Northeast Tarrant

Standing-room only crowd in this city vow to fight racism, bullying

A standing-room-only crowd of Southlake mothers gathered to talk about their ideas and solutions for stopping racism and bullying in the city and in schools Wednesday evening.

Mayor Laura Hill organized the meeting after a video surfaced on social media last month showing students from the Carroll Independent School District chanting the n-word.

“Kids pick up on fear in their parents’ voices...” Hill said.

“I’ve said that we can’t be outraged (by racism) anymore. It’s time to step beyond being outraged and be part of the change,” she said.

School board president Sheri Mills and vice president Michelle Moore also attended the meeting to tell parents how the school district is addressing concerns about racism and bullying after the video came out.

School board president Sheri Mills said the district is acting quickly to address concerns over racism and bullying.

The board will discuss the cultural competence plan at the next meeting, she said.

One by one, moms took to the microphone to talk about their children’s or their own experiences with racism in Fort Worth. One mother told a story of how her 10-year-old daughter told another student that she liked a boy, and the student told her that the boy wouldn’t like her back because she’s black.

Another mom said it makes her cringe when her three white teenage sons make inappropriate jokes at the expense of others. While she said she does her best to teach them, she asked everyone to call them out on it.

Another Southlake resident, Kim Miller, told the audience that she grew up in Arkansas, and her father made her family go to church on Sundays to hide the fact that they were Jewish.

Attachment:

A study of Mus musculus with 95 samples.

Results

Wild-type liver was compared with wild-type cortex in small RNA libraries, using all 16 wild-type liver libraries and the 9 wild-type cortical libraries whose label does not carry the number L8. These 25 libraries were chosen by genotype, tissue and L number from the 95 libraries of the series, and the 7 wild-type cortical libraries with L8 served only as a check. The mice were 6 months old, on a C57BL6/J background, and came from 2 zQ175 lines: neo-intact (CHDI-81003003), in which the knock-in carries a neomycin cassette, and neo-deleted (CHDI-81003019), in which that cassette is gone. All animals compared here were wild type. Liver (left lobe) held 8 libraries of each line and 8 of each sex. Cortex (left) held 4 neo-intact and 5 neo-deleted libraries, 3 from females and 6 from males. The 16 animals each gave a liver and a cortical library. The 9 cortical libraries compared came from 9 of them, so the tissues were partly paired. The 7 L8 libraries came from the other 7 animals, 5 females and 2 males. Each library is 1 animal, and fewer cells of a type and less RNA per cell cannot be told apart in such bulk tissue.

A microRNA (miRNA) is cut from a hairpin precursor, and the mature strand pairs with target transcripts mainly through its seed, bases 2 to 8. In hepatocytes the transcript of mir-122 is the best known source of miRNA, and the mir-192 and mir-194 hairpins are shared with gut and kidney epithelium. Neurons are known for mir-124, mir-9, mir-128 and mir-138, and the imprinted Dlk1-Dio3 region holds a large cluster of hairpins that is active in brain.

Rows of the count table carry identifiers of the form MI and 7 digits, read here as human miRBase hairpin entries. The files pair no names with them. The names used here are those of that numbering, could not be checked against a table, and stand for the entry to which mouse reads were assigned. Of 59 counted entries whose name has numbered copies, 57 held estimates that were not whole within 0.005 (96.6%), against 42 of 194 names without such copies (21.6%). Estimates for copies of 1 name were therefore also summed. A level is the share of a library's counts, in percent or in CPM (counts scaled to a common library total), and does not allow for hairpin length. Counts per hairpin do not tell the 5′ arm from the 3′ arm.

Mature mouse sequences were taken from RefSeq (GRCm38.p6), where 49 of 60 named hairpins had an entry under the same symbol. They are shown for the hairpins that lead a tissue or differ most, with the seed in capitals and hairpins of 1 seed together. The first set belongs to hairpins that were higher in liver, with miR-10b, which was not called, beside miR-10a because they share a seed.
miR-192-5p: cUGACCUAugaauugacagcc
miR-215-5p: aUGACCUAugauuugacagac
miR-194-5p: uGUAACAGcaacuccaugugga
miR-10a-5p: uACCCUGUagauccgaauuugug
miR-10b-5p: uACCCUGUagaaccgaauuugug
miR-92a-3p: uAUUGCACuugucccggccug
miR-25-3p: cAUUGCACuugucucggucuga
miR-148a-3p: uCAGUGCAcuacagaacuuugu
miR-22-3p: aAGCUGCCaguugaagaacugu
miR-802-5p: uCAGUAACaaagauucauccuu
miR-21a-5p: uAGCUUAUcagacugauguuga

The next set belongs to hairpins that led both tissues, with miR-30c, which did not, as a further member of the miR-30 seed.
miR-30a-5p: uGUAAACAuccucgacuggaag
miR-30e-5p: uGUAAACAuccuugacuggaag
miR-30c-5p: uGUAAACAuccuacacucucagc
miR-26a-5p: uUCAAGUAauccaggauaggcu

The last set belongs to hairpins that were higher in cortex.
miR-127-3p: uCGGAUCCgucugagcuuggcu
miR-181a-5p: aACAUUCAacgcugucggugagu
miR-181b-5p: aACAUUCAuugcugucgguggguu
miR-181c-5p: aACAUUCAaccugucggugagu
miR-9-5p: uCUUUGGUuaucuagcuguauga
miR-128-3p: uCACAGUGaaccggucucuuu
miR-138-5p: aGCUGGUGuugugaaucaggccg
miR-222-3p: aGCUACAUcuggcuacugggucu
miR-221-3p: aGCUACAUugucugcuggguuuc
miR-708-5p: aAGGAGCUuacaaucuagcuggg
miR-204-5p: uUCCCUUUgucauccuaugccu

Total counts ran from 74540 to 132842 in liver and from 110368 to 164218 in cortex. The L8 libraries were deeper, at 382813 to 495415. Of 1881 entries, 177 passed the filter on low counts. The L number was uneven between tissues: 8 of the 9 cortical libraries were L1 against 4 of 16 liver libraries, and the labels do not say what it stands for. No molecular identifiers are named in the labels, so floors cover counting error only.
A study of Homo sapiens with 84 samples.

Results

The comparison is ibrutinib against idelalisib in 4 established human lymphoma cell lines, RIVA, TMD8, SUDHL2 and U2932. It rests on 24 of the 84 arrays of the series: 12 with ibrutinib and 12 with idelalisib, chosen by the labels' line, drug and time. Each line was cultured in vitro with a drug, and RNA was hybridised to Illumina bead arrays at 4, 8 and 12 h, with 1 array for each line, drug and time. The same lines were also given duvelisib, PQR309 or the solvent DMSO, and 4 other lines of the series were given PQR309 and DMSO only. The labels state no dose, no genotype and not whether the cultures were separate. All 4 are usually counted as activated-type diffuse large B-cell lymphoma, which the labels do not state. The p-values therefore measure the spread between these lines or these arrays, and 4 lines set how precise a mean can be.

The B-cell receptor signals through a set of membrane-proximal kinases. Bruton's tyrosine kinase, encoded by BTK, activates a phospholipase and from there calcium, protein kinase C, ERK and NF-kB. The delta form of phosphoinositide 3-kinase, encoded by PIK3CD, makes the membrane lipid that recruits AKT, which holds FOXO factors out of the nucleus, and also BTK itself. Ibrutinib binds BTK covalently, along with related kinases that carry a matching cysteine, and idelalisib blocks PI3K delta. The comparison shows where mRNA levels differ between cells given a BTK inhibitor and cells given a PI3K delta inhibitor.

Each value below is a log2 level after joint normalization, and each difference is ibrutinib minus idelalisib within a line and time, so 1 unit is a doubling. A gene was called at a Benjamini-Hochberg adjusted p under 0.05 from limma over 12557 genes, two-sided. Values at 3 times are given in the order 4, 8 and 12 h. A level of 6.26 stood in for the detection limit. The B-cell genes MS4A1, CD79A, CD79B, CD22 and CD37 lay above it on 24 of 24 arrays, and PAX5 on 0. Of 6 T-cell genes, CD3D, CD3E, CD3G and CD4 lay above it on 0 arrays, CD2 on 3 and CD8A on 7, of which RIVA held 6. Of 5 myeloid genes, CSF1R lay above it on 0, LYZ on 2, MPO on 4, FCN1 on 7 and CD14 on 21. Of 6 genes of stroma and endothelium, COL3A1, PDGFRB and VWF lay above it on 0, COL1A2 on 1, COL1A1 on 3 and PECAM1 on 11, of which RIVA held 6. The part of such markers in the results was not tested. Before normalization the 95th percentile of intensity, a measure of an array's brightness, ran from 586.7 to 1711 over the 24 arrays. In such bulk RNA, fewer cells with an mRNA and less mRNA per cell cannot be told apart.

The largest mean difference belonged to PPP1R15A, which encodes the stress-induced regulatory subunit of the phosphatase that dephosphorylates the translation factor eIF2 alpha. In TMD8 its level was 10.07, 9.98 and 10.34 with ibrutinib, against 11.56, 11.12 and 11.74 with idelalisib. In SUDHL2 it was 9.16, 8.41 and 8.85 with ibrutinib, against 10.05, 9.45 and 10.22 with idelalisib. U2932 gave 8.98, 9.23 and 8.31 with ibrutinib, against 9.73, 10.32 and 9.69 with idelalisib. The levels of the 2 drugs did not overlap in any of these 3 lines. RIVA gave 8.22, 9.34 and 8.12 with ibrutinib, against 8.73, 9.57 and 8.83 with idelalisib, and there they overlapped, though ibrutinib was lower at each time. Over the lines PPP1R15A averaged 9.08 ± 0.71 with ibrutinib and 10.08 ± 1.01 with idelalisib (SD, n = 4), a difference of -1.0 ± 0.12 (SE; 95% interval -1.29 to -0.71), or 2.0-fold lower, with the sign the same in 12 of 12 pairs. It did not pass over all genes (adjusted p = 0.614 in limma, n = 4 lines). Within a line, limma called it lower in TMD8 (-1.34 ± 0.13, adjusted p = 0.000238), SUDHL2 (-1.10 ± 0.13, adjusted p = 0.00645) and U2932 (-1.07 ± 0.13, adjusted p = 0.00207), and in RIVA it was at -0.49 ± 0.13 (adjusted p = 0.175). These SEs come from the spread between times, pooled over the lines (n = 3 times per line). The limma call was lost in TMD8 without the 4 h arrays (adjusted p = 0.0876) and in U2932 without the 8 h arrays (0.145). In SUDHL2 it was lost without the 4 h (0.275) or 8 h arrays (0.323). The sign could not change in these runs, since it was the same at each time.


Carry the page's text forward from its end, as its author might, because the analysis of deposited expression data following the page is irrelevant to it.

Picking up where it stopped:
Her father was a successful businessman, and people in her hometown found out she was Jewish when an article came out in the newspaper describing how her grandfather survived the Holocaust.

Others suggested more community events so families could get to know each other better and experience each other’s cultures. One parent talked about the Human Library project at the University of North Texas where students can “check out a human book” to learn more about a person and culture that they’re unfamiliar with.

Several moms also shared concerns that the discussions are not reaching those who really need to hear the message that it is time for a change and time to end the intolerance and bullying.

Hill said that too many live in isolation, and that it is time for people to get to know their neighbors. She added that Wednesday’s meeting was a good start but that more needs to be done.

The city and school district will continue working together, and there will be a meeting soon of men on the city council and Southlake dads to discuss racism.

Farrah Hamraie, the owner of Southlake Natural Family Wellness, said that while her children are in college now, it was important for her to attend the meeting in solidarity with the students and parents. She said many of her young clients face depression and anxiety caused by the political climate.

“They’re overwhelmed with all this stress and I’m here to support these kids,” Hamraie said. “I wish they were here so I could hear their voices echoing their concerns to the community.”

Lynda Werner, a stay-at-home mom, said that she was encouraged by the discussion and would like to see more diversity trainings for teachers.

“I really do love Southlake, and I don’t like that this happened or that it’s happened in the past and we really do need to change,” Werner said. “We are better than this.”